Mystic Seaport Waterways Exhibition
Building America’s Canals, an interactive exhibition revealing the construction and operation of the nation’s human-built waterways, opens January 30, 2010, at Mystic Seaport.
Organized by the National Canal Museum of Easton, PA, Building America’s Canals blends history and science through hands-on activities and encourages visitors of all ages to step into the roles of lock tender, canal engineer, crane operator and canalboat captain. Divided into four sections relating to key canal structures – locks, masonry arches, cranes and aqueducts – each area will feature accompanying interpretive panels with photographs, diagrams and text detailing the historical context for America’s canals.
“We’re delighted to offer this exhibit to our visitors of all ages,” said Jonathan Shay, director of exhibitions at Mystic Seaport. “Families will learn how canals work and the important role they played in the development of our nation. The many interactive, hands-on opportunities to explore and build will be especially attractive to kids, and the show will help people connect with this fascinating part of our maritime heritage. “
Interactive stations will allow visitors to experiment with constructing and managing a canal by "building" a canal on a tabletop surface while searching for efficient routes along rivers and across valleys; using model cranes to load and unload cargo from canal boats and experimenting with building masonry arches to learn why this 2,000-year-old technology still endures. An interactive computer game complete with virtual dynamite will also test a player’s skill in operating a canal lock.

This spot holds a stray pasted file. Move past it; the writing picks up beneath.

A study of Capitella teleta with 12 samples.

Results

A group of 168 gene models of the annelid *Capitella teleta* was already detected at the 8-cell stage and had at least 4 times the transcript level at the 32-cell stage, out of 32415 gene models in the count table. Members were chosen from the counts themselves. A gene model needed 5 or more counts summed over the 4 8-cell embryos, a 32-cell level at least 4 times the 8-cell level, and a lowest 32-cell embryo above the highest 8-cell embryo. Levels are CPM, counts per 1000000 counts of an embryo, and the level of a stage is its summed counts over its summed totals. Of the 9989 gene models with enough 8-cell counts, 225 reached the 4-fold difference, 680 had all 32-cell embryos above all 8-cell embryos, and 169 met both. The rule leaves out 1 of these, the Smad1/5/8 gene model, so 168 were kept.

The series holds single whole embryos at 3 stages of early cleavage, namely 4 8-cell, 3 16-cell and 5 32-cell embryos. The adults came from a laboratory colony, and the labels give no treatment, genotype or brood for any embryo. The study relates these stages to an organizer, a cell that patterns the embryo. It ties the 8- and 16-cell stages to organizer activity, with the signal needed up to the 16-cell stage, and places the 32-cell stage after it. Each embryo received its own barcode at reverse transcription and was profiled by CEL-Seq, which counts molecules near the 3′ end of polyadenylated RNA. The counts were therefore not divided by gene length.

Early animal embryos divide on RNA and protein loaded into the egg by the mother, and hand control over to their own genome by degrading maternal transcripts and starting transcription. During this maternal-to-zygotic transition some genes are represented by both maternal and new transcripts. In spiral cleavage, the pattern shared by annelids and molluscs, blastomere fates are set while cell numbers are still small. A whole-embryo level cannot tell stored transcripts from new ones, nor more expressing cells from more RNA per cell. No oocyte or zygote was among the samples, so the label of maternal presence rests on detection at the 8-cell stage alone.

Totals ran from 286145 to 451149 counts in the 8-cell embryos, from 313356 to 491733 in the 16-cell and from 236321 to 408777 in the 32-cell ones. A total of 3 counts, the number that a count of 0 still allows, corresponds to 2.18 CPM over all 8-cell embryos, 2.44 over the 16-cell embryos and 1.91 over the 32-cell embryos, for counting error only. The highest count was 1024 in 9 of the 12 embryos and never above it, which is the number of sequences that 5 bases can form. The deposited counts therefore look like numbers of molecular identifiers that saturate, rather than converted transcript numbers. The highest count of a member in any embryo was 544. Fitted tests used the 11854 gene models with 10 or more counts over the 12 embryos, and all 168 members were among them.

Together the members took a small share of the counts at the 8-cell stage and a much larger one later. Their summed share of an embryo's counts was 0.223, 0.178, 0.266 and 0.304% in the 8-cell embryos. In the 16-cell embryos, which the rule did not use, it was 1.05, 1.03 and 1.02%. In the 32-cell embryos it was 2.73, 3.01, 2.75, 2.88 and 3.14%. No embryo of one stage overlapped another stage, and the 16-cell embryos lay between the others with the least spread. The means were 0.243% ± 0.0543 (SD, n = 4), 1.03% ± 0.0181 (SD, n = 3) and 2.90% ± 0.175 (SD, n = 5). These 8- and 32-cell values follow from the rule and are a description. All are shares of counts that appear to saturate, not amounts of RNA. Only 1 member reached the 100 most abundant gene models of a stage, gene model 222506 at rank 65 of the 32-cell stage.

Additionally, the exhibit features enlarged historic photographs from the Museum’s collections documenting canals, as well as a rare 1845 poster advertising the New Haven and Northampton Daily Canal Boat Line that once connected coastal Connecticut to central Massachusetts.
Building America’s Canals is produced by the National Canal Museum and the Science Museum of Minnesota, with generous support from the National Science Foundation. The exhibit will remain open in the Museum’s Mallory Building through October 11, 2010. Entry is included in Museum admission.